BOOL / bool / Boolean / NSCFBoolean

Truth. Vēritās. The entire charter of Philosophy is founded upon the pursuit of it, and yet its exact meaning and implications still elude us. Does truth exist independently or is it defined contingently against falsity? Can a proposition be at once both true and false? Is there absolute truth in anything, or is everything relative?

Encoding our logical universe into the cold, calculating bytecode of computers forces us to deal with these questions one way or another. And, as we’ll soon discuss, truth is indeed stranger than fiction.

We’ve talked before about the philosophical and technical concerns of nothingness in programming. This week, our attention turns to another fundamental matter: Boolean types in Objective-C.

In C, statements like if and while evaluate a conditional expression to determine which code to execute next. A value of 0 is considered “false” while any other value is considered “true”.

Objective-C defines the BOOL type to encode truth values. Altogether, BOOL comprises a type definition (typedef signed char BOOL) and the macros YES and NO, which represent true and false, respectively. By convention, we use the BOOL type for Boolean parameters, properties, and instance variables and use YES and NO when representing literal Boolean values.

The Wrong Answer to the Wrong Question

Novice programmers often include an equality operator in conditional expressions:

if ([a isEqual:b] == YES) {

Not only is this unnecessary, but depending on the left-hand value can cause unexpected results, as demonstrated by Mark Dalrymple in this blog post with the following example:

static BOOL different (int a, int b) {
    return a - b;

A clever programmer might take some satisfaction in this approach. Indeed, two integers are equal if and only if their difference is 0. However, because BOOL is typedef‘d as a signed char, this implementation doesn’t behave as expected:

if (different(11, 10) == YES) {
  printf ("11 != 10\n");
} else {
  printf ("11 == 10\n");
// Prints "11 != 10"

if (different(10, 11) == YES) {
  printf ("10 != 11\n");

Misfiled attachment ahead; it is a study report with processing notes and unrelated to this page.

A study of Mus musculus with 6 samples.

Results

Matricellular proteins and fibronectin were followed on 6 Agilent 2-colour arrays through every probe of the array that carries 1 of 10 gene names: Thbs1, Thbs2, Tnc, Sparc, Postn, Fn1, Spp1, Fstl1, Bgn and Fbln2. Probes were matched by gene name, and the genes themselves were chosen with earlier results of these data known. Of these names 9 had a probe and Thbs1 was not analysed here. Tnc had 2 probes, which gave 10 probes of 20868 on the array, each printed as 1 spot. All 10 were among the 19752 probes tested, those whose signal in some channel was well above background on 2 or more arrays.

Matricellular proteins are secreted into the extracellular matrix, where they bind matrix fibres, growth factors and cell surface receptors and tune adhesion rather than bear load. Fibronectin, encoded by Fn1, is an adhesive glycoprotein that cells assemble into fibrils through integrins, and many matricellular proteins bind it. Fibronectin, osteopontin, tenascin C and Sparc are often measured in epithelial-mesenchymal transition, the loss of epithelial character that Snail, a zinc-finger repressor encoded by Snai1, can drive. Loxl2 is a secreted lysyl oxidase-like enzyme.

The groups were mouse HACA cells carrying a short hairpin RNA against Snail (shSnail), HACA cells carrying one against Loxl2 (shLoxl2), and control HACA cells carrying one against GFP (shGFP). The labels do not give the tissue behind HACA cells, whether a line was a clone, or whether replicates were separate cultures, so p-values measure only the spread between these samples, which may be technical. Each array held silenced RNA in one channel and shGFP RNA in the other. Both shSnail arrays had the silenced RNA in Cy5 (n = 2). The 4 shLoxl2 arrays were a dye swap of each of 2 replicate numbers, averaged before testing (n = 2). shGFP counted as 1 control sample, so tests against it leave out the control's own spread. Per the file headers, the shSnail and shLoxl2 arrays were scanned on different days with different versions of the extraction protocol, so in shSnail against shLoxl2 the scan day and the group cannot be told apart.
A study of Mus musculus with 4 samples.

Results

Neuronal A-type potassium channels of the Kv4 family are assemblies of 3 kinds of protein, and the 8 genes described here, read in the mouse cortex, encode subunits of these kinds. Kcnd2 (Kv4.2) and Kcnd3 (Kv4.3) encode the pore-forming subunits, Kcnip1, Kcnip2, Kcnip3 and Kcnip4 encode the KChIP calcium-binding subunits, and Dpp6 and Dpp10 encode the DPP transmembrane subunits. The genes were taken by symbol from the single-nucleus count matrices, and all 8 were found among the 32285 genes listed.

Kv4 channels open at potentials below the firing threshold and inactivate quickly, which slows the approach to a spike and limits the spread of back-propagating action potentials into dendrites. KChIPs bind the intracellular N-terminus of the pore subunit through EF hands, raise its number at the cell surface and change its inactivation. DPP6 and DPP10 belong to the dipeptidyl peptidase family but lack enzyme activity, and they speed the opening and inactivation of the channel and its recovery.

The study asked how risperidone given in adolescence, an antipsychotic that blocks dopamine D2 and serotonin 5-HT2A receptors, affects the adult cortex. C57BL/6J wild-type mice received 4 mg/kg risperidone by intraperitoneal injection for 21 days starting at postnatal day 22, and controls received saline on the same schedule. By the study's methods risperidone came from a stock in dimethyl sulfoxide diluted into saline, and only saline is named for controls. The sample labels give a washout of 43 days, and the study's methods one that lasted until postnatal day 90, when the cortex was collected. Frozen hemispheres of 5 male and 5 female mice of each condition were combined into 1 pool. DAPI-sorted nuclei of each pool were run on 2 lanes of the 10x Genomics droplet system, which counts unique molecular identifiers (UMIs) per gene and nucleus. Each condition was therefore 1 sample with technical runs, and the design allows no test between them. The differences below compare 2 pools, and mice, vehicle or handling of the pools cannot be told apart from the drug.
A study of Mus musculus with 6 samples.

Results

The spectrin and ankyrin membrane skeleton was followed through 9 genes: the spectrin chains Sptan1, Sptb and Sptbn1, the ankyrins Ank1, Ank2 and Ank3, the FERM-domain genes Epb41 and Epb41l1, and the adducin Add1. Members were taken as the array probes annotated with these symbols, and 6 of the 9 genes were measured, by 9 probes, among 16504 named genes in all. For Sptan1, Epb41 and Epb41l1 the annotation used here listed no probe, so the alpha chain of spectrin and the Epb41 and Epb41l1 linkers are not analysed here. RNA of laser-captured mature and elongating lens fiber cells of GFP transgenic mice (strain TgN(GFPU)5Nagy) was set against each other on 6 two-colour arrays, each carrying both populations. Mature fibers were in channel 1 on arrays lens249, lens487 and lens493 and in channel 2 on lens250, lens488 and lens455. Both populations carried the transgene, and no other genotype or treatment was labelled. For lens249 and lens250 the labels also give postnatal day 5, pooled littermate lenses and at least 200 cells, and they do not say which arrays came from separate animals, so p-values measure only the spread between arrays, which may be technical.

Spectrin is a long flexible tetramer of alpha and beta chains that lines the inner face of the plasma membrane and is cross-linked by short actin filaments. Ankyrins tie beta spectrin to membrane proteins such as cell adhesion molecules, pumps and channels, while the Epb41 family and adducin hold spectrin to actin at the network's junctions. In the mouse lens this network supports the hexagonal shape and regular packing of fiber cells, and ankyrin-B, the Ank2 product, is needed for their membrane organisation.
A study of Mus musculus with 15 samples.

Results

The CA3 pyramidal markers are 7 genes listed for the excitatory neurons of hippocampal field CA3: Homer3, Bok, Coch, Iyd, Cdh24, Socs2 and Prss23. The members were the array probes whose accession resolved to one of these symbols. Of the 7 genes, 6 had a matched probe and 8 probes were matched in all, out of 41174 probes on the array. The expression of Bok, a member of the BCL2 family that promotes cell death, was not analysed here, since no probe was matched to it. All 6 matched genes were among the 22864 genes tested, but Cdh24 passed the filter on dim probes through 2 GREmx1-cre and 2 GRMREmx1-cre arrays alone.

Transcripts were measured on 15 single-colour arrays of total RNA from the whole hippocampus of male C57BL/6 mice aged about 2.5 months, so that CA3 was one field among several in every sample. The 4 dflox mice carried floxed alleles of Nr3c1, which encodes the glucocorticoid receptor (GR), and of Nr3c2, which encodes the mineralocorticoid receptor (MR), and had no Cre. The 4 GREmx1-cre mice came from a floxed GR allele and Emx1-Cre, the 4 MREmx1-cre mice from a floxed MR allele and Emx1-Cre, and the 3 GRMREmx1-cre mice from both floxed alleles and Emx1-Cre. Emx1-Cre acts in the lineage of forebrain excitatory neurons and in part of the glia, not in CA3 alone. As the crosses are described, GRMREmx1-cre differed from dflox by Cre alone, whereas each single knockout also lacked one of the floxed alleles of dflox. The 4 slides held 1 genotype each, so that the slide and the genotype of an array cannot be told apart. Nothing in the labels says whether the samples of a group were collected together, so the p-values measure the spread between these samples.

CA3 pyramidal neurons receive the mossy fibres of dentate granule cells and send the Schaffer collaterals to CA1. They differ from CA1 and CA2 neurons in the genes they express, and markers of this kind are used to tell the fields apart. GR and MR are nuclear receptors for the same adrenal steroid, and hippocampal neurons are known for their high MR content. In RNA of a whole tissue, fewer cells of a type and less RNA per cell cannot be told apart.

} else {
  printf ("10 == 11\n");
// Prints "10 == 11"

if (different(512, 256) == YES) {
  printf ("512 != 256\n");
} else {
  printf ("512 == 256\n");
// Prints "512 == 256"

This might be acceptable for JavaScript, but Objective-C doesn’t suffer fools gladly.

Deriving truth value directly from an arithmetic operation is never a good idea. Like the sentence “Colorless green ideas sleep furiously”, it may be grammatical but it doesn’t make any sense. Instead, use the result of the == operator or cast values into booleans with the ! (or !!) operator.

The Truth About NSNumber and BOOL

Pop Quiz: What is the output of the following expression?

NSLog(@"%@", [@(YES) class]);

Answer: __NSCFBoolean

Wait, what?

All this time, we’ve been led to believe that NSNumber boxes primitives into an object representation. Any other integer- or floating-point-derived NSNumber object shows its class to be __NSCFNumber. So what gives?

NSCFBoolean is a private class in the NSNumber class cluster. It’s a bridge to the CFBooleanRef type, which is used to wrap boolean values for Core Foundation property lists and collections. CFBoolean defines the constants kCFBooleanTrue and kCFBooleanFalse. Because CFNumberRef and CFBooleanRef are different types in Core Foundation, it makes sense that they are represented by different bridging classes in NSNumber.

Name Typedef Header True Value False Value
BOOL signed char objc.h YES NO
bool _Bool (int) stdbool.h true false
Boolean unsigned char MacTypes.h TRUE FALSE
NSNumber __NSCFBoolean Foundation.h @(YES) @(NO)
CFBooleanRef struct CoreFoundation.h kCFBooleanTrue kCFBooleanFalse

For most people, Boolean values and boxed objects “just work”. They don’t really care what goes into making the sausage. But here at NSHipster, we’re all about sausages. That’s the honest truth.


Questions? Corrections? Issues and pull requests are always welcome.

Written by Mattt

Mattt (@mattt) is a writer and developer in Portland, Oregon.

Next Article

A short post for this week: everything you need to know about NSSecureCoding.